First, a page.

What do I need to know about injectable PrEP? - Primary Health

What do I need to know about injectable PrEP?

  • November 1, 2023

  • Adi Chandrasekhar, MD, MPH, FACP

  • 2 minutes

injectable PrEP

Injectable PrEP is a game changer in protecting people against HIV infection. One challenge is educating more providers about this important tool so they can offer it to patients.

Pre-exposure Prophylaxis (PrEP) against Human Immunodeficiency Virus (HIV) was first approved in 2012. At the time, the only approved option was an oral pill under the brand name Truvada. Since then, there have been several advances in PrEP. In 2019, a second oral medication under the brand name Descovy was approved and it offered a better safety profile for patients with kidney disease. However, in 2021, the Food and Drug Administration (FDA) approved Cabotegravir as the first injectable treatment for PrEP.

What makes Cabotegravir truly game changing is that it can be administered once every two months. This makes it much easier for patients who struggle with remembering to take a daily oral medication. This is particularly important as a lot of patients at risk for HIV are younger and not accustomed to managing daily medications. Another obvious advantage is that patients do not need to stock any medication at home. This benefits patients who may not feel comfortable disclosing medication use with others in their household for various reasons, including threat of violence.

Injectable PrEP 101

The first question my patients ask about injectable PrEP is how its effectiveness compares to oral PrEP. Fortunately, data is very encouraging on that front. Patients who used injectable Cabotegravir have a 69% lower risk of getting HIV when compared to those taking oral Truvada. 

Also, injectable PrEP is easy to administer during a clinic visit. The first two doses are delivered a month apart but subsequent doses are delivered once every other month. As with oral PrEP, it is important to get baseline labs and regular screening labs once the injections have started. It does not appear to increase the risk of kidney issues in a manner similar to Truvada but it does carry additional side effects associated with injections, such as a local reaction or infection. As with all PrEP, it only protects you from getting HIV. Adopting other measures around safe sex is important to lower the risk of other sexually transmitted infections like syphilis, gonorrhea, or chlamydia.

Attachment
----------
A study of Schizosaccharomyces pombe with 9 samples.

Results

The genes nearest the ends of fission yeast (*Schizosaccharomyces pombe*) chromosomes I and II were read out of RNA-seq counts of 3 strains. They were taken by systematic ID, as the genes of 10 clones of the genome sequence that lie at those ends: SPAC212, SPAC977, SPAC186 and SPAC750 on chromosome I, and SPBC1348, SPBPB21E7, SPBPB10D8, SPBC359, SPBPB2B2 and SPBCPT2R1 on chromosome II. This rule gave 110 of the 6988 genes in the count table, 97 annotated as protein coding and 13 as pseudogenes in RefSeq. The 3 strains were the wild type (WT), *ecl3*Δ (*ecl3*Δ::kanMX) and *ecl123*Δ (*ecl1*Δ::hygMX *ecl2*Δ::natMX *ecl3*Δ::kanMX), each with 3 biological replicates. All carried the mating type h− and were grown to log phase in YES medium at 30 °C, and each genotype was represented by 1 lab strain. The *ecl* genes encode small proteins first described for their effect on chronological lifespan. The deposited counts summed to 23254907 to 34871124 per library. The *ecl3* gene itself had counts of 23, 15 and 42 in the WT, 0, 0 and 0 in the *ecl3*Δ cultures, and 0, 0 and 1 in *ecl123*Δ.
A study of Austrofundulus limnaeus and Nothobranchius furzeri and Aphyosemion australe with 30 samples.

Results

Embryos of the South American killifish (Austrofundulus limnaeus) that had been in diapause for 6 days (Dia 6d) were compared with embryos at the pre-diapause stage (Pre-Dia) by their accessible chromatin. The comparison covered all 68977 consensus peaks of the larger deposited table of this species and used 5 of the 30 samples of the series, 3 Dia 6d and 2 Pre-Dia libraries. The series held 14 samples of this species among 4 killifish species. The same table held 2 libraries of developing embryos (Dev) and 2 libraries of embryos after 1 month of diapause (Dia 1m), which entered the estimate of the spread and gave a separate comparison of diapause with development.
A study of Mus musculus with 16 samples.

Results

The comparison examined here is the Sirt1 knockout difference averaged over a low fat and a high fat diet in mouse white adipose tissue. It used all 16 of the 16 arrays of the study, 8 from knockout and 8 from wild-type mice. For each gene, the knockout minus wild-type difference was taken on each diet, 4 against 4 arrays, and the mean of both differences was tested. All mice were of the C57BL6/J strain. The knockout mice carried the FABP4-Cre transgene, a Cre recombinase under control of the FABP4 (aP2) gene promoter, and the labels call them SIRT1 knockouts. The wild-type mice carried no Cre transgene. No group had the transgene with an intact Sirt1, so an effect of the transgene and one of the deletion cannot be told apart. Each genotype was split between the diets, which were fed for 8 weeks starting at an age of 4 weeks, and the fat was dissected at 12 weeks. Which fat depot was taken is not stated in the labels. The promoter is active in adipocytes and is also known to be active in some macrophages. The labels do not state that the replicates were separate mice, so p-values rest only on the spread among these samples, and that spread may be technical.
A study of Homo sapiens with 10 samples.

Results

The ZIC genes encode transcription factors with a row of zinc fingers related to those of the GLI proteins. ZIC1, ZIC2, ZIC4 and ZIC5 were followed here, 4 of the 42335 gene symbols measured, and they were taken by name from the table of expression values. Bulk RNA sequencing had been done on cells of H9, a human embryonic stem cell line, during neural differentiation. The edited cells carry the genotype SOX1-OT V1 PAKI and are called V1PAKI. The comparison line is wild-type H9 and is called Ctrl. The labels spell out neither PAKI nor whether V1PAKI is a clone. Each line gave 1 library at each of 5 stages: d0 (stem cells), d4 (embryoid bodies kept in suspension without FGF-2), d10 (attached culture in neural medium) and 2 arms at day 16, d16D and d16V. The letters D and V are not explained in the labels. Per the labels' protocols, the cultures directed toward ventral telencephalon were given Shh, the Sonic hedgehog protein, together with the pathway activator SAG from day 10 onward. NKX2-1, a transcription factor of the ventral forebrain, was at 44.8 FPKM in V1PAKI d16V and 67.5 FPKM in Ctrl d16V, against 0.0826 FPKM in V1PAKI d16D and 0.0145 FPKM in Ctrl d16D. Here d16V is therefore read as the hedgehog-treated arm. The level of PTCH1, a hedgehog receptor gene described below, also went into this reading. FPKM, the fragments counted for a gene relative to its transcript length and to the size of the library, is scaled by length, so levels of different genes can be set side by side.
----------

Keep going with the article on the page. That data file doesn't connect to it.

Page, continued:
PrEP hurdles

Injectable PrEP is not without its potential challenges. For one, many people simply do not like getting an injection on a regular basis. Also, it obviously requires regular office visits every few months, which can also be a challenge for some patients. But perhaps the most pressing challenge is that not all providers know enough about injectable PrEP to offer it to their patients. This makes access challenging even when a patient feels ready to start injectable PrEP. 

At Primary.Health, we are focused on reducing barriers to seeking PrEP and believe that designing workflows that support patients is key to increasing access to PrEP.

Disclaimer: This blog content and linked materials are not intended as individual medical advice, diagnosis or treatment, and should not be considered as such. Any readers with medical concerns should contact a licensed healthcare provider. This blog is provided for informational purposes only.